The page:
Friday, June 04, 2021

Remembering Sam Hammond



Watch as people gather to listen to the carillon following Hammond's death.

“It is fitting that Sam made music in the tower because he was a towering human being, full of grace, charm, humility, dignity, wisdom, and faith,” Chapel Dean Luke A. Powery said at the time of Hammond’s death at age seventy-three. “Sam will be missed but his musical, resonant life will reverberate in our hearts and lives for many years to come.”

Colleagues at Duke Libraries wrote about Hammond’s presence at the library for forty-eight years as a music librarian and rare book cataloger. In his honor, the Rubenstein Library purchased a rare seventeenth century study of bell ringing in Latin.

“There was no one I’d rather give a curious old book to than Sam, just to see what he thought and how it connected to the thousands of others he had taken his glasses off to pore over,” wrote a Libraries colleague, Gary R. Boye. “You can’t ‘Google’ information like that.”

“Soon after I began working at Duke in 2010, Sam offered to make me a scarf,” wrote another colleague, Naomi L. Nelson. “I had no idea how broad his talents were, and I was touched by this personal gesture as I was trying to find my footing in the library. A beautiful blue scarf soon appeared in my inbox with a handwritten note.”

Colleague Elizabeth Dunn remembers how Hammond gave presentations about the Rare Book collection to elementary, middle, or high school students.

“Always dignified, but with an impish twinkle in his eye, Sam kept every one of those young people absolutely rapt as he explained how papyrus was made or how one might correct an error written on vellum,” she wrote. “He addressed them with calm respect and they responded by listening intently, asking excellent questions, and behaving with impeccable manners.”

Chapel Music honored Hammond during its spring concert with a performance of one his favorite hymns, “O God, Beyond All Praising,” arranged by Richard Proulx.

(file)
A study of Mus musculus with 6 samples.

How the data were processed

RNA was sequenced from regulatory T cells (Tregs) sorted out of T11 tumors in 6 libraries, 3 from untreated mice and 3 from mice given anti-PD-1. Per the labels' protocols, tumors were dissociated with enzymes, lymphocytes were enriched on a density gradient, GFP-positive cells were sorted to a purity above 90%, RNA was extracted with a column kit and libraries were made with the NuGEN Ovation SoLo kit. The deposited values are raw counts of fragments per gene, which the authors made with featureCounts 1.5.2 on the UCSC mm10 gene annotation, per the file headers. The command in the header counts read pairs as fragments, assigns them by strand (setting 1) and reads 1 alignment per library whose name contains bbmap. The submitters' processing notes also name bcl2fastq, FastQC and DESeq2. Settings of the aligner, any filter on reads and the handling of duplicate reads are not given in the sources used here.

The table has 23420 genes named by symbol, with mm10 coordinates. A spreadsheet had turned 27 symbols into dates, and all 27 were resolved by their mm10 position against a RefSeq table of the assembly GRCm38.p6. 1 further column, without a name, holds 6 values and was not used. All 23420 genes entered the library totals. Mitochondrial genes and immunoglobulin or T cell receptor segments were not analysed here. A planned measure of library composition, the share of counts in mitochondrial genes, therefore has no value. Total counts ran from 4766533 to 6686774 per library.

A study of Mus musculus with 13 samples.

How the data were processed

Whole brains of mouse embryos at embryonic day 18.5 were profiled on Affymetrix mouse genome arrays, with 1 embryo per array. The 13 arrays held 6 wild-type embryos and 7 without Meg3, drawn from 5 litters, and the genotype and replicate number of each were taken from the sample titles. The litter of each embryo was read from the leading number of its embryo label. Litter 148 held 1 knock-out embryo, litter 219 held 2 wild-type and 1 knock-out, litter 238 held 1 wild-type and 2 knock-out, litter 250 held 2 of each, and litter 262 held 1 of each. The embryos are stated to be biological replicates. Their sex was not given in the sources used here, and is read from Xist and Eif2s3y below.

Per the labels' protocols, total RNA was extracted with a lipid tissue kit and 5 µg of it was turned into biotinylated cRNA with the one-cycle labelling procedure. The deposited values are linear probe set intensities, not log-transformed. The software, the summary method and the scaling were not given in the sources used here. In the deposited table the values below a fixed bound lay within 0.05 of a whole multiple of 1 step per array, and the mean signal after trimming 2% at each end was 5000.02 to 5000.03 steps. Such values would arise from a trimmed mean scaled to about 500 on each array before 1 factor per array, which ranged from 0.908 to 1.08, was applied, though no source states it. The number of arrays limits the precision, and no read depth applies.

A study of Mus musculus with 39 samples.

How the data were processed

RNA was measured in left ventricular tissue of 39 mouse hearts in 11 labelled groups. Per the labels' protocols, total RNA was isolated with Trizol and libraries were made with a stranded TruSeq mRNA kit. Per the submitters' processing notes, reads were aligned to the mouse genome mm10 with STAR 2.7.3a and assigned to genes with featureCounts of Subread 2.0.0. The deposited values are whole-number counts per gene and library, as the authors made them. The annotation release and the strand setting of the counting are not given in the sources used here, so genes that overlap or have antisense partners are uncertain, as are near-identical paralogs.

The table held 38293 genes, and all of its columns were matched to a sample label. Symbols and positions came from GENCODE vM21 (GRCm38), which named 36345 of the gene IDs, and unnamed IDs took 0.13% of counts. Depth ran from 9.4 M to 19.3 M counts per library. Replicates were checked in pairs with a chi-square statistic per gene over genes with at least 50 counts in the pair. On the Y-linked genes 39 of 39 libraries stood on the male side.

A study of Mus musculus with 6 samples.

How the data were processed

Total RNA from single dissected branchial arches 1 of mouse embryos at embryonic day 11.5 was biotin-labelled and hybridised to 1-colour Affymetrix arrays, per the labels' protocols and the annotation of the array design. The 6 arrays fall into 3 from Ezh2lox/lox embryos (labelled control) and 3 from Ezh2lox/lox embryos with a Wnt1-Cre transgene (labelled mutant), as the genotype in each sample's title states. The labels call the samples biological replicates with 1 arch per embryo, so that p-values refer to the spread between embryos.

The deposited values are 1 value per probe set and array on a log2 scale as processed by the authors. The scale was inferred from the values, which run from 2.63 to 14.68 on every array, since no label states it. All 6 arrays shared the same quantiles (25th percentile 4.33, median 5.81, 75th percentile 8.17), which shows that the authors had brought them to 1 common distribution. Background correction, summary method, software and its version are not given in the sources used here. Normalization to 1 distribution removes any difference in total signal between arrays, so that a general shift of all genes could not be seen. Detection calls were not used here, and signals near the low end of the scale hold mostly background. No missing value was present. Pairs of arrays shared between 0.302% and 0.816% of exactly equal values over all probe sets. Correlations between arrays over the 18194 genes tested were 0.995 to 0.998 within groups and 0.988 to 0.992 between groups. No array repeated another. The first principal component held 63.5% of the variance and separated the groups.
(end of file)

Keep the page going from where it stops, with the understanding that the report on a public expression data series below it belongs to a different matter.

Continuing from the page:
“Most of what we do musically at Duke Chapel requires people to enter the building,” said Chapel Music Director Zebulon Highben said. “The carillon is different: It can be heard all over West Campus and beyond. The sound of those bells is omnipresent in the life of our community, but also unassuming, a gentle accompaniment to the rhythm of our days. This was Sam, too: omnipresent on campus, unassuming, deeply kind and thoughtful, humbly uninterested in the adulation he deserved. He loved God, he loved sacred music, and he loved Duke.”

Chapel Carillonneur Joseph Fala, who now plays the Duke Chapel carillon named in Hammond’s honor, first met Hammond when Fala was a Chapel Organ Scholar and Hammond would regularly attend Evensong Services. Later they formed a friendship around music as Fala joined the small team of carillonneurs that was created to take over playing duties after Hammond's retirement."

“He was always more than happy to come up to the [carillon] cabin with me and to listen and to critique my playing,” Fala said. “He had a very gentle touch; he had a very deep understanding of that particular instrument.”

“Sam, more than anyone, had this deep appreciation of ceremony and tradition and the sacred life of the Chapel,” Fala said. “He saw the playing of the carillon as first and foremost an expression of his faith.”